Hard labor in lazyland

As everyone knows, I’m one of those lazy people who don’t ever want to do any work. I’m slow, stupid, and worthless. Or at least that’s how I’m feeling at Maki Yaki.

On my day off, I am dragging and rolling logs. I only dragged three logs, but it’s gonna kill me tomorrow. These were logs from fallen trees around the area, which had been cut out of the way, then left there. I had to drag and roll them through thickets of honeysuckle.

There are large clear areas without underbrush, especially on Woodlot Trail, where I saw a dozen stick shelters already built by someone else, though not finished, as though for demonstration. The trail goes right though them. It’s like a stick house village.

There are also some abandoned concrete blocks that I could take, but not a lot.

I do not build in the open areas because I must hide: I actually intend to live in my stick house. I at least want room for a workshop. I should also explore the giant storm drain with the graffiti on it, with spider-proof clothes on. I haven’t had the guts yet.

I am eating little dabs of fats from these one ounce jars with rosemary extract in them. Rosemary raises my blood pressure, which actually helps conquer my fatigue. That is why I could drag and roll three heavy logs today.

I cannot merely drag logs and sticks through the honeysuckle. I must break all the branches to crawl through there, so I am making new paths. I rolled one log down a hill and tried to roll over some bushes, but when I turned and looked back, it looked like nothing had been done. However, I will try to use that path again, so it will become larger and easier to use.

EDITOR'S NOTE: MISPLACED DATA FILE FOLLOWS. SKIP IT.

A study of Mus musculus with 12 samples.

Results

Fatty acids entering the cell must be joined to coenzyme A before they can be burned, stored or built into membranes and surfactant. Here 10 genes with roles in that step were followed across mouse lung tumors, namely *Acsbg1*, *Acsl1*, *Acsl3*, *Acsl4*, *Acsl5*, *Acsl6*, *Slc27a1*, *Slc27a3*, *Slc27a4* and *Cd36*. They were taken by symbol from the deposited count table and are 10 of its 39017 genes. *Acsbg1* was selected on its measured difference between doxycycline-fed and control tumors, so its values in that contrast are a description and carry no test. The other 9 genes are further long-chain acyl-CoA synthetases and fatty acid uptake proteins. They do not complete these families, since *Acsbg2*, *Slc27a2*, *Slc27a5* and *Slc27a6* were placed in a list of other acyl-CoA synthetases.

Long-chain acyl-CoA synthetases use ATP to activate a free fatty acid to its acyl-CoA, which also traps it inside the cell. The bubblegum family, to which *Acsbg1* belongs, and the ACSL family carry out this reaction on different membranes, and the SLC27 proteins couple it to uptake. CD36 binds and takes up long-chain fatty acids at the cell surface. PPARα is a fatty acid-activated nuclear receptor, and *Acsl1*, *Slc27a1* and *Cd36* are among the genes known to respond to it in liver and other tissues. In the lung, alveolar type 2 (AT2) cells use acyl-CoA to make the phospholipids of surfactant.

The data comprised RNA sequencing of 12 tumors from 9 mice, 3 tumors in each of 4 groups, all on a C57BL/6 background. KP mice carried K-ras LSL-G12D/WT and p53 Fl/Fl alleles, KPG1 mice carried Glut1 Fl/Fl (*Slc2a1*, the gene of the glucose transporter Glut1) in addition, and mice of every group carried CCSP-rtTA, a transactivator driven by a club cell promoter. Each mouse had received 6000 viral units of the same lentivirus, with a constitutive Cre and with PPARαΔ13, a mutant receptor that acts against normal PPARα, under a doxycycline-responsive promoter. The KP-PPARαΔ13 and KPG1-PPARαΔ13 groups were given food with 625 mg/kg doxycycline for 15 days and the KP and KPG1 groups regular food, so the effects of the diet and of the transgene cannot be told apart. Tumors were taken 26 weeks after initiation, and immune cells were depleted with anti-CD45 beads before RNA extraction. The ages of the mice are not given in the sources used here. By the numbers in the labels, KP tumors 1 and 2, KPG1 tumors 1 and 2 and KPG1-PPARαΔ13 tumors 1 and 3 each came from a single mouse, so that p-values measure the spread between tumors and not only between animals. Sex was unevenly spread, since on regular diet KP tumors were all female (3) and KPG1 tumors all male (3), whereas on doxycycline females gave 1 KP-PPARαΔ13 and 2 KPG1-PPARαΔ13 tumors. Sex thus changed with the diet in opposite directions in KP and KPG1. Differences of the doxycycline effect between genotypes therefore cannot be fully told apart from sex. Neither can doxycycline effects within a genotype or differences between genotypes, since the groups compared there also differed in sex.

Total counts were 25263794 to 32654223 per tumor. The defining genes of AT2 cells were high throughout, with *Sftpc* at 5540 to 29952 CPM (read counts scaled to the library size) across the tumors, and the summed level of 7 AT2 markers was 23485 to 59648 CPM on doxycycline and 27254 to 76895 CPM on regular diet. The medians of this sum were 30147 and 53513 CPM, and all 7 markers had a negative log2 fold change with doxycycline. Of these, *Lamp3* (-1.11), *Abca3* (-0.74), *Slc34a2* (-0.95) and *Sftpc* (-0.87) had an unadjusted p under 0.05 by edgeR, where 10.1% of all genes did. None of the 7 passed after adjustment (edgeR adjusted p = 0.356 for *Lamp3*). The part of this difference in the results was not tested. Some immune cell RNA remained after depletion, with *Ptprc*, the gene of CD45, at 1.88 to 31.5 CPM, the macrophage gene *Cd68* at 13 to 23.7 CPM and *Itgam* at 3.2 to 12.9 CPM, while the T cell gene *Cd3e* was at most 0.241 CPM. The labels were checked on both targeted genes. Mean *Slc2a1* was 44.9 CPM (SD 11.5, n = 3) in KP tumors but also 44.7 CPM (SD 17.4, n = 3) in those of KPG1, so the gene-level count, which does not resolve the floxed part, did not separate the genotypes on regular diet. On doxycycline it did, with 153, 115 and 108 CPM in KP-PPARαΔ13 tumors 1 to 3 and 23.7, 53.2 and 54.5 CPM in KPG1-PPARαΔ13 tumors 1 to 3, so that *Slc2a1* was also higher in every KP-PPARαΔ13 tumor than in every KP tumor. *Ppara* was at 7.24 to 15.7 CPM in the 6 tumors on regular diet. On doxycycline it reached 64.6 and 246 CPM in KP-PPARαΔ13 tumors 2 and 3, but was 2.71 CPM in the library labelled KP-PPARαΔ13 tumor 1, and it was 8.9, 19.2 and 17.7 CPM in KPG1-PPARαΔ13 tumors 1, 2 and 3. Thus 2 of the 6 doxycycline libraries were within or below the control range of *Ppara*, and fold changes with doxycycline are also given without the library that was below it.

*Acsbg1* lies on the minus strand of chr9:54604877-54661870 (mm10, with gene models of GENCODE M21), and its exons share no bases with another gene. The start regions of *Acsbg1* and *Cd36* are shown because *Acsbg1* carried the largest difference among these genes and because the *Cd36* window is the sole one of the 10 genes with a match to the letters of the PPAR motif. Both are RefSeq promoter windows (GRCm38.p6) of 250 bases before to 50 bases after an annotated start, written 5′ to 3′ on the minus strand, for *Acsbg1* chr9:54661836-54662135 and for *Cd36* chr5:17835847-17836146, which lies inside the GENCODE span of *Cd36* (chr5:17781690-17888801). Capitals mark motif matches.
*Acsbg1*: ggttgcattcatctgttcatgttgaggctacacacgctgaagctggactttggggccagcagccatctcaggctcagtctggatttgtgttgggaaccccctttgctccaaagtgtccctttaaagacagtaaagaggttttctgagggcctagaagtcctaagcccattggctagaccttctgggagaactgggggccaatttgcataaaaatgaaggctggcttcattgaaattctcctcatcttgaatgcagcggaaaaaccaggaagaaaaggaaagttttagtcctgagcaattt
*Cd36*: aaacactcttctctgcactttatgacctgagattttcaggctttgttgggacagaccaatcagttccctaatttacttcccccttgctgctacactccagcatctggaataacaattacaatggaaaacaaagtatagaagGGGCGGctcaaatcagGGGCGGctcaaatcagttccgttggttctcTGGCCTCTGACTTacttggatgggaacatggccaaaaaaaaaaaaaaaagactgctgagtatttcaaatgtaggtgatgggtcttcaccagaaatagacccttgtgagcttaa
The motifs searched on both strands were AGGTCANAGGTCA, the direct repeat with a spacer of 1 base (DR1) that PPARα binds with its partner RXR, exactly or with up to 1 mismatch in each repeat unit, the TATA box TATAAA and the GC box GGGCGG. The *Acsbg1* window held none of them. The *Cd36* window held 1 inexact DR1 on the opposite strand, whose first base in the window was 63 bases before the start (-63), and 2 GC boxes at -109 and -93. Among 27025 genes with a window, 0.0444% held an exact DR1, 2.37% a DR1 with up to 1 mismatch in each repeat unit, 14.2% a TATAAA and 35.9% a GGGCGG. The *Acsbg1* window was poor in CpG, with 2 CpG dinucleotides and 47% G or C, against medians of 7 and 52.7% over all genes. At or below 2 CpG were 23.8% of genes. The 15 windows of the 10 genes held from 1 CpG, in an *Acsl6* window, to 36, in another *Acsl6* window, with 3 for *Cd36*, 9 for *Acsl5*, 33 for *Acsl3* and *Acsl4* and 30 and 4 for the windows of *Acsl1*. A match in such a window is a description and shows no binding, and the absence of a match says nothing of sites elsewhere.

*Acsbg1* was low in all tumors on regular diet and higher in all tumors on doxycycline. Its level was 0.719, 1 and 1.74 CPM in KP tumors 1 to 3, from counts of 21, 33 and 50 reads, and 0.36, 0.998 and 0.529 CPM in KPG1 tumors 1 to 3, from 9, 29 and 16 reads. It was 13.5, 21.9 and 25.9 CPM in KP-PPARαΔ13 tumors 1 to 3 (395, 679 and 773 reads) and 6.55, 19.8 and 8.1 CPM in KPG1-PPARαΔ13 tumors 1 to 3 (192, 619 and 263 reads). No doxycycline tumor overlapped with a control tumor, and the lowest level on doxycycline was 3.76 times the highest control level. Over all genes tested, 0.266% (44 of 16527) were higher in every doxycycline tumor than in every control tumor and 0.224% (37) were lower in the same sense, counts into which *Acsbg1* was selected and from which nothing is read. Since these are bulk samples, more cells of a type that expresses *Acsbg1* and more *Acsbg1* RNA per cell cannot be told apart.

Imagine fifty years of slavery to pay for a "real" house, or a couple years of hard labor to build one from sticks and already cut logs, while still working at a normal job. I feel it is possible to finish this task in a relatively short time, but I am not even fifty years old yet – imagine buying a house on a thirty year mortgage, which is the better part of all the years of my life. That is how most people get a house. Mine won’t be as big. But I must try.

I at the very least need a workshop, a table where I can make and fix things and keep them out of the rain. I could buy another tarp or something too, but I also need just a foundation to make it flat. I’m on a hillside. So there is a good reason to pile up sticks and logs.

There are thousands of ticks. I get them on me daily, but for some reason, they rarely attach. I feel them crawling and remove them. A friend of mine also mentioned the huge number of ticks this year, so it’s not just me.